As you may recall, one of the best known studies of healthcare costs, and one that got a lot of attention over the past year, is the Dartmouth Atlas of Health Care, which shows, for example, that although patients in Miami get a lot more healthcare than people in Minnesota, and they get it a lot more expensively, their health outcomes aren't any better. This suggests that there are lots of possibilities out there for cutting back on healthcare costs without impacting the quality of care.
Last night I came across a New York Times article that questioned whether the Dartmouth folks had really proven anything at all. But lazy bastard that I am, I got this far and then just gave up:
But the real difference in costs between, say, Houston and Bismarck, N.D., may result less from how doctors work than from how patients live. Houstonians may simply be sicker and poorer than their Bismarck counterparts. Also, nurses in Houston tend to be paid more than those in North Dakota because the cost of living is higher in Houston. Neither patients’ health nor differences in prices are fully considered by the Dartmouth Atlas.
WTF? This stuff has been controlled for endlessly, and the Dartmouth data still holds up. But I was tired, so I went to bed instead of posting about this. However, other, more energetic people have now taken the trouble to lay out the evidence, so let's review. Here's one of the co-authors of the Dartmouth study explaining their work a year ago in the New York Times (!):
It is true that some regions of the country experience more illness than others, and of course sick people spend more on health care. To deal with this bias, the Dartmouth group has compared expenditures and frequency of treatment across regions for people with similar diseases. The most extensive study compared spending across regions using a variety of cohorts such as people who had suffered a hip fracture or heart-attack patients. This study examined people who were equally sick, whether they lived in Louisiana or Colorado. The researchers further adjusted for any differences in patient income, race, and prior health. They still found gaps of up to 60 percent in spending among regions.
And here, via Brad DeLong, is David Cutler, who was quoted in support of the writers' point that "failing to make basic data adjustments undermines the geographic variations the atlas purports to show":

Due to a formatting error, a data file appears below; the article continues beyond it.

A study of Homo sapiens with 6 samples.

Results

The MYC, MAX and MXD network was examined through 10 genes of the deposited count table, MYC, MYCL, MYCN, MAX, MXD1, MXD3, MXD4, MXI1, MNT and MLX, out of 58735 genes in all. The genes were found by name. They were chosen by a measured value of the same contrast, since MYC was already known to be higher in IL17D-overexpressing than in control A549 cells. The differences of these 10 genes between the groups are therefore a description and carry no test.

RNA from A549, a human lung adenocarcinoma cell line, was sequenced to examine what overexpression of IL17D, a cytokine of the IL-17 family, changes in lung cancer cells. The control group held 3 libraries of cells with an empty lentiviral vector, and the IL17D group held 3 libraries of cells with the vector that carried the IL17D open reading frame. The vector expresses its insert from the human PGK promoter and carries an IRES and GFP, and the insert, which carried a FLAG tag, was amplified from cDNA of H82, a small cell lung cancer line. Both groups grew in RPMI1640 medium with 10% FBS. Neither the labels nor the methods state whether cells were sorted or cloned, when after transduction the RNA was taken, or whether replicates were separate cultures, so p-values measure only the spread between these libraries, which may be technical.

[T]he reporter asked ‘what do you make of the fact that the price adjustment changes the ranking of communities?’ I said something to the effect of ‘why do I care about the non-price adjusted data.’... [T]he Dartmouth people have done the price adjustment, so we don’t have to fight about what such an adjustment would do. Hard to tell why my comments are beating up on anything (except a mythical version of the Dartmouth data in which they had never done price adjustment)...
Bottom line: all the "data adjustments" the Times reporters talk about have, in fact, been done. Researchers at Dartmouth and elsewhere have controlled for price levels, for demographics, and for differing rates of sickness, and their results largely hold up. There are big variations in cost that have very little impact on quality of outcome. In the end, then, the authors of the Times piece end up with almost nothing. By the time their piece is done, they've basically only got two things left. First, the Dartmouth researchers admit that, on occasion, they might discuss their findings more broadly than they should when they're talking to a lay audience. Second, there are individual bits and pieces of their dataset that other researchers have disputed. Just as there are with any large, complex dataset.
In other words, there's no there there. The Dartmouth research is not the be-all-end-all of healthcare research, but its basic conclusions are extremely robust and have been confirmed over and over. Why the Times chose to pretend otherwise is a mystery.
POSTSCRIPT: The Dartmouth researchers respond to the Times here.